In Sunderland, the busiest secondary school was Southmoor Academy, which had 1,264 school places but 1,408 children on its roll – meaning it was 11 per cent over its official capacity.
This was followed by St Anthony's Girls' Catholic Academy, seven per cent over capacity, and Biddick Academy, six per cent over capacity.
Education leaders at Southmoor Academy cited a high demand for places along with successful admission appeals which led to subsequent awarding of additional places as a reason for the figures and also moved to reassure parents over class sizes.
“Managing very high numbers of students in a limited space is a challenge for timetable purposes, however class sizes are in line with national averages as our staffing profile has been carefully matched to meet the growth in student numbers.”
It was a similar message from Executive Head at St Anthony’s Girls’ Catholic Academy, Francesca Craik, who said: “We do our best to accommodate pupils who want to attend our outstanding school.
"In specific circumstances, such as a high birth rate year, we agree arrangements with the local council to provide additional places as necessary to support the education of young people in our area. Our pupil-staff ratios are in line with Department for Education (DfE) guidance.
"We maintain our class sizes to ensure sufficient support and delivery of first-class education for every pupil.”
The City Council also cited successful appeals and the autonomy of academy trusts to make decisions based on assessments of their own resources.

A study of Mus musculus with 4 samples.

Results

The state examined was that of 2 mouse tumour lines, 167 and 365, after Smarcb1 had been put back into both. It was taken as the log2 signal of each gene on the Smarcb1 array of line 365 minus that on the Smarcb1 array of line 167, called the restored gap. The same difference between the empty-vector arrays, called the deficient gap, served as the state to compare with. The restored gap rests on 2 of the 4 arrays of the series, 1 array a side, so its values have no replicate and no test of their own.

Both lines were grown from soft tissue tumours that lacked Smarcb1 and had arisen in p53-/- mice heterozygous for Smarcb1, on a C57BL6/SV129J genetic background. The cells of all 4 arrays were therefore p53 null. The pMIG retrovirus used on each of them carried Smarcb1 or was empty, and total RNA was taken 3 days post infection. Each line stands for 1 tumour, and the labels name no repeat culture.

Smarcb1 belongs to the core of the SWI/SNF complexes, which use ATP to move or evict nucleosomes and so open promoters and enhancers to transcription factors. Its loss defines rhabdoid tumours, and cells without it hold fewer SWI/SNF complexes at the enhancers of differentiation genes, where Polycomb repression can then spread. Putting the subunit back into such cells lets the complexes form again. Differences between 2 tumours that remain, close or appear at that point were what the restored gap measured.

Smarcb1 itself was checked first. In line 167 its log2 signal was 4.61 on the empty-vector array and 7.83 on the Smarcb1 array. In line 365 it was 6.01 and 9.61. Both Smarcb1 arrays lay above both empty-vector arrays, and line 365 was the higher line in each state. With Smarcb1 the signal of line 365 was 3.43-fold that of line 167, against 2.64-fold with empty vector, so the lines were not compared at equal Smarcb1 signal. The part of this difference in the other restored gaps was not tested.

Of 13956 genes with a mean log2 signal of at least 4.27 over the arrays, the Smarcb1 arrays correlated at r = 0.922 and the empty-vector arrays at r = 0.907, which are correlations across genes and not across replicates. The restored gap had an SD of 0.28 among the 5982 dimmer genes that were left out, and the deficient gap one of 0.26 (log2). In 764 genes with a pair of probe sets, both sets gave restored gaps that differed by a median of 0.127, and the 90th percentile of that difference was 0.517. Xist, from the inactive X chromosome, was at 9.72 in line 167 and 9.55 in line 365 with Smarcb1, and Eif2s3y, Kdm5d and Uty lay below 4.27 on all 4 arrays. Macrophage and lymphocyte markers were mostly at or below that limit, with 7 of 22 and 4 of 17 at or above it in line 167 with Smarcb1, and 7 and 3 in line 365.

A Council statement said: “Sunderland currently has sufficient capacity across the primary and secondary sector to accommodate all pupils without requiring any school to admit in excess of its Pupil Admission Number.
“Places are offered though the admission process to reflect this. Any admission above a school’s capacity is a result of either a successful appeal or where a school or academy has taken the decision to admit above its own admission number to reflect either unused resources or physical capacity across its site.
“The Council has not, except in unique individual cases, requested a school exceeds its admission numbers nor is there currently a requirement for one to do so.”
In 2018-19 – the most recent comparable year due to coronavirus pandemic restrictions – DfE figures showed five schools in the city were operating at or above their official capacity.
Sunderland’s situation reflects the national picture, with DfE data showing 22 per cent of secondary schools reached their capacity threshold last year – up from 17 per cent in 2018-19, and the highest proportion in a decade.
The Association of School and College Leaders (ASCL) said the rate is driven by increased demand for secondary places, compounded by "perceptions linked to Ofsted reports" which have created an imbalance in demand for places at certain schools.
Geoff Barton, General Secretary of the ASCL, said: “The increasing demand for secondary places is complicated by perceptions linked to Ofsted reports with higher-rated schools often heavily oversubscribed and significant spare capacity at lower-rated schools.
The data shows a very different picture for the country’s and city’s primary schools.
Just 17 per cent of English primaries were at or over capacity last year, the lowest rate since records began in 2009-10.
This included 10 in Sunderland – down from 15 in 2018-19.
The Echo also contacted Biddick Academy but they have not responded.